OPC is NOT dead

The plane landed too soon Friday and cut short my OPC story.  So, here’s the conclusion:

A number of people have raised the question about OPC UA replacing PROFINET CBA (Component Based Automation).  First, a reminder of what CBA is – an easy-to-use, peer-to-peer integration technique.  It solves the problem of integrating best-in-class machines from different vendors (with different control equipment on them) into a single production line.  This is a unique feature of PROFINET that allows peer-to-peer integration without programming, among controllers from different manufacturers, even using different fieldbuses.  Some controllers have this capability built in; those that don’t can still connect using proxies.  A proxy is similar to a gateway, but rather than being the product of a single vendor, it’s defined in the PROFINET spec.

To confirm my conclusion that OPC UA is not a replacement for CBA, last month in Hanover I had a conversation with Tom Burke, OPC President.  OPC UA definitely provides the ability to integrate diverse controllers when integrated into those controllers.  But asking it to work in 10 milliseconds is not reasonable.  (I’ve used 10 milliseconds as an example here; PROFINET CBA can certainly work faster – one millisecond is not unusual.)  OPC UA does not have the proxy concept for using controllers that do not natively support it.  PROFINET CBA does and, in addition, it provides a framework for configuring interconnections in a graphical environment.  Downloading those interconnections does not even require taking the PLC out of run mode.  OPC is still in the picture with PROFINET though; OPC the only logical way to move data into a computer, be it for HMI or historian or whatever purpose.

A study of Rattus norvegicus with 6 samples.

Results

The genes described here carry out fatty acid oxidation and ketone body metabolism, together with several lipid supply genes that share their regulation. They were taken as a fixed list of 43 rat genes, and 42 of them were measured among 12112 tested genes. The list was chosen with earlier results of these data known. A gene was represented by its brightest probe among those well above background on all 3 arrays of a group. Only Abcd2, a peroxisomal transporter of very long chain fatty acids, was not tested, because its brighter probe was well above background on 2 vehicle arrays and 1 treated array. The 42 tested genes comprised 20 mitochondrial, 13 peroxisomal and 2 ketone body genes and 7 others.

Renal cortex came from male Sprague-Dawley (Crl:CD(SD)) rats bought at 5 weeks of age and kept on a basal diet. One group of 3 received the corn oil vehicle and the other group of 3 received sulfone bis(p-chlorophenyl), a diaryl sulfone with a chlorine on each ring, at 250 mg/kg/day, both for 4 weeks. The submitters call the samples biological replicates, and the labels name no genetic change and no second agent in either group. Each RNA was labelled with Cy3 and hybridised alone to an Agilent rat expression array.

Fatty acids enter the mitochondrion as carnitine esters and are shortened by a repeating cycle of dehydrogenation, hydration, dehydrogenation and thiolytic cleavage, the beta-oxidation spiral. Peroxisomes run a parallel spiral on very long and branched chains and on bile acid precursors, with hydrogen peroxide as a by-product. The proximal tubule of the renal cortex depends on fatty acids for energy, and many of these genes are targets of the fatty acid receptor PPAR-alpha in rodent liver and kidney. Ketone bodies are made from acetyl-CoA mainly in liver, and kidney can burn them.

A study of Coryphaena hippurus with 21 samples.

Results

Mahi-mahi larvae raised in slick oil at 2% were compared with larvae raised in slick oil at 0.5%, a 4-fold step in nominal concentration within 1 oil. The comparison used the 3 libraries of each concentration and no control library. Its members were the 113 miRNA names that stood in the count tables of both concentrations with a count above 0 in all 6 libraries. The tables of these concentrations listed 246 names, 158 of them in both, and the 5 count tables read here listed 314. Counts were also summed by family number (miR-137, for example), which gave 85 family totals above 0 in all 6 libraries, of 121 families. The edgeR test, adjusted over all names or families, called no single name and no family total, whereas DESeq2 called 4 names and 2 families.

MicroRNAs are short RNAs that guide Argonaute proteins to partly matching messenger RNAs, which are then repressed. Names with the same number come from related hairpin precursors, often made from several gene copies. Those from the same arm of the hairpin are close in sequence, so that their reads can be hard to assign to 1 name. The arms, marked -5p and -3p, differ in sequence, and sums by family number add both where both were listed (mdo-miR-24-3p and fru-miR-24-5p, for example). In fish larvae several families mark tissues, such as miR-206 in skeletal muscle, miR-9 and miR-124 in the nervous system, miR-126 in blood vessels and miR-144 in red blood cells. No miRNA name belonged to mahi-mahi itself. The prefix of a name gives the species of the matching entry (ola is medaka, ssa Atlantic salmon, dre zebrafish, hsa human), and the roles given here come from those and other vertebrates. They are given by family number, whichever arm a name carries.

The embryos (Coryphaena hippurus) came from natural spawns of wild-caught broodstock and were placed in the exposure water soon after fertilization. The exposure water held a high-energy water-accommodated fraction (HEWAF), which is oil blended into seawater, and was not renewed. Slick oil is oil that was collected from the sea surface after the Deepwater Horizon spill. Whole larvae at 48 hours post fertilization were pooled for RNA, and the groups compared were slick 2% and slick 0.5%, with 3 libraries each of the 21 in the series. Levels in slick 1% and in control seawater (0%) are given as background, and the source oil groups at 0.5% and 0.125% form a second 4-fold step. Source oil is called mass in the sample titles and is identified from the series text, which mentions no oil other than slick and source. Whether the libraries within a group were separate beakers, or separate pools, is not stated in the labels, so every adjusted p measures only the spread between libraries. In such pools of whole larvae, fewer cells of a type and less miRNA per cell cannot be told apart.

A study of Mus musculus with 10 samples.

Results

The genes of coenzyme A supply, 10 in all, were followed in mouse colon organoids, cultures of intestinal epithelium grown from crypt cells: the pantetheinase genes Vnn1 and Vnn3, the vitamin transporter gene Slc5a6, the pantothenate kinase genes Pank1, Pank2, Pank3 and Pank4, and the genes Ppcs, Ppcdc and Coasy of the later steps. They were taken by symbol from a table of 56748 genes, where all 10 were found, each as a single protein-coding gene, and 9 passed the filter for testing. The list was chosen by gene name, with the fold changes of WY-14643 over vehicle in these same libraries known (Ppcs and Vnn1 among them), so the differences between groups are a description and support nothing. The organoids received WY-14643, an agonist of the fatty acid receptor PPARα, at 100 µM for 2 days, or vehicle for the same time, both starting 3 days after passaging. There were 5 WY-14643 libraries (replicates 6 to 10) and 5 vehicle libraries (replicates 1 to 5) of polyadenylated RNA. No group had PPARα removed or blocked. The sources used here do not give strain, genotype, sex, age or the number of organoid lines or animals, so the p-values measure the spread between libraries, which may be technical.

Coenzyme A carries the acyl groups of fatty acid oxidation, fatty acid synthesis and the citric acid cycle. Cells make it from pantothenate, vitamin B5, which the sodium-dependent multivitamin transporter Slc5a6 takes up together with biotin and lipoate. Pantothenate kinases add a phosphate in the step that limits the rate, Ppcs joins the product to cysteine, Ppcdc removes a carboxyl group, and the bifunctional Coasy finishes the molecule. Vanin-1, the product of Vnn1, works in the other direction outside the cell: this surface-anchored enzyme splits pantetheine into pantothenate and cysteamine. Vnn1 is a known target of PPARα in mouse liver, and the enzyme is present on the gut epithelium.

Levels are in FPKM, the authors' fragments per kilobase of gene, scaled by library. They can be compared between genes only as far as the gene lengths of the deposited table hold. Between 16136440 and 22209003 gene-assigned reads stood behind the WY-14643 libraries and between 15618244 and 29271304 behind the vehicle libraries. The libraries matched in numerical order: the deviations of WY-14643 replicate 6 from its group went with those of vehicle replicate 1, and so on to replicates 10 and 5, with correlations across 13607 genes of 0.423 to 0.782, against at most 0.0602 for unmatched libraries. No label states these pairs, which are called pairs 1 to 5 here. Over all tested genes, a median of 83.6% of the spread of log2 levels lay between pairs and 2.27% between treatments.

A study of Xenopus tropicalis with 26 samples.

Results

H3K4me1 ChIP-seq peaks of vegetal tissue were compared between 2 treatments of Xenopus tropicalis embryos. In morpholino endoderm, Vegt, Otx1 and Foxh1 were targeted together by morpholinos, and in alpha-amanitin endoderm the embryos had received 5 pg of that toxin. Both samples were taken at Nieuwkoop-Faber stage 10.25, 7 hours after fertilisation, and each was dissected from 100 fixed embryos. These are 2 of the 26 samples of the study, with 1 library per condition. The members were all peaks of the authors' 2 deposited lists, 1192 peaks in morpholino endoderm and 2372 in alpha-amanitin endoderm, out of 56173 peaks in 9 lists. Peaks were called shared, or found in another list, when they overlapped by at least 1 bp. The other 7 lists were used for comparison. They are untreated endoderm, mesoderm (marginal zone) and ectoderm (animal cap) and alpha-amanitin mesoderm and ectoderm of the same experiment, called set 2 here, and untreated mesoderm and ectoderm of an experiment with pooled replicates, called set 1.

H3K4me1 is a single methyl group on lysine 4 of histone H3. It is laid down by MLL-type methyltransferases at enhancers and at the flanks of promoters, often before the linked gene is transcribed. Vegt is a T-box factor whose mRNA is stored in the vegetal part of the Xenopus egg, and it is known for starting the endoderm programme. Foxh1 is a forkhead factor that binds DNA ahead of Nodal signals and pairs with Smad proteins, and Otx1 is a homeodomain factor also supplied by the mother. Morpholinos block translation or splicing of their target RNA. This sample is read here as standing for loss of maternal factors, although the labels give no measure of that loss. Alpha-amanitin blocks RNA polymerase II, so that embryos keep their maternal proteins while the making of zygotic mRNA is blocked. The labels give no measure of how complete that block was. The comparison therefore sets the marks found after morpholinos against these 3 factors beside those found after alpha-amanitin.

Coordinating equipment within one production line: how do users make those interconnections today?  This was the topic of an interesting side conversation in Raleigh.  The one word answer: wire!  Connect a wire from a digital output on vendor A’s PLC to a digital input on vendor B’s PLC.  And probably not just one wire, but a bunch of wires.  This is fine for binary information, but what about more complex data like tracking information?  Now you have to use vendor A’s PLC programming software to create a means of communicating with vendor B’s PLC.  Of course, you have to use vendor B’s PLC programming package to create the receiving end of that information.  Now you can use PROFINET CBA instead.  That saves a lot of time, is easier to maintain, and is more flexible when the inevitable changes occur.

I still have one more interesting topic from Raleigh to cover.  I’ll get to that in a day or two.  In the meantime, I’ll enjoy our early summer temperatures here in Arizona.  We hadn’t broken 100 degrees since last September 21… until yesterday.  Today’s temperature should break a record, topping out at a predicted 110.  (But it’s a dry heat.)